Greetings from Portsmouth, New Hampshire, USA!
I have just returned from our Data Protection Congress event in Brussels, Belgium, which was full of interesting information on privacy program management, new policy developments, how the EU General Data Protection Regulation is playing out in real life, and Cross-Border Privacy Rules.
Yes, CBPRs. Sure, they're a data transfer mechanism geared toward the Asia-Pacific region, but they are increasingly relevant around the globe, and interest in them seems to increase every day. We will have a new report next week, for example, on new economies that are joining the program. Without giving it all away, I can say this: Both economies should be a very big deal for those looking to move data increasingly freely.
Perhaps more importantly, CBPRs are being considered as a global standard for transfer mechanisms. In the "new NAFTA" (the USMCA), for example, CBPRs are specifically mentioned, with the requirement that all parties to the agreement "recognize that the APEC Cross-Border Privacy Rules system is a valid mechanism to facilitate cross-border information transfers while protecting personal information." That clarifies data transfer for all of North America (which just happens to sit on the Pacific Ocean, after all).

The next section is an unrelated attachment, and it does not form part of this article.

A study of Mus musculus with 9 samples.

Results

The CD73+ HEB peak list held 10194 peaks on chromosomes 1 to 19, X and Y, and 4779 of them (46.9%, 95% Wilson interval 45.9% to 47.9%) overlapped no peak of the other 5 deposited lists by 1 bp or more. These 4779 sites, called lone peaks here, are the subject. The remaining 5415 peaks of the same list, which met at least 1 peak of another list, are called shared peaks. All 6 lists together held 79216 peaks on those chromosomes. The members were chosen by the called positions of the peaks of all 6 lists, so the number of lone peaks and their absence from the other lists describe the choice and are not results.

Now we're hearing that the European Commission may be interested in looking more closely at the referential project they conducted a few years back that mapped binding corporate rules (one of the most robust ways to transfer data out of the EU) to CBPRs. Should CBPRs ever become completely on par with BCRs, or even something that could be approved by EU supervisory authorities with just a bit more effort or documentation, then interest in them should jump considerably. Already, Japanese adequacy with the EU (and vice versa) is likely to increase interest, as Japan's privacy law specifically mentions CBPRs as a valid transfer mechanism for Japanese personal data.
This is a space we'll be watching closely — let us know your thoughts on how CBPRs could (or could not) play a part in your data transfer governance framework.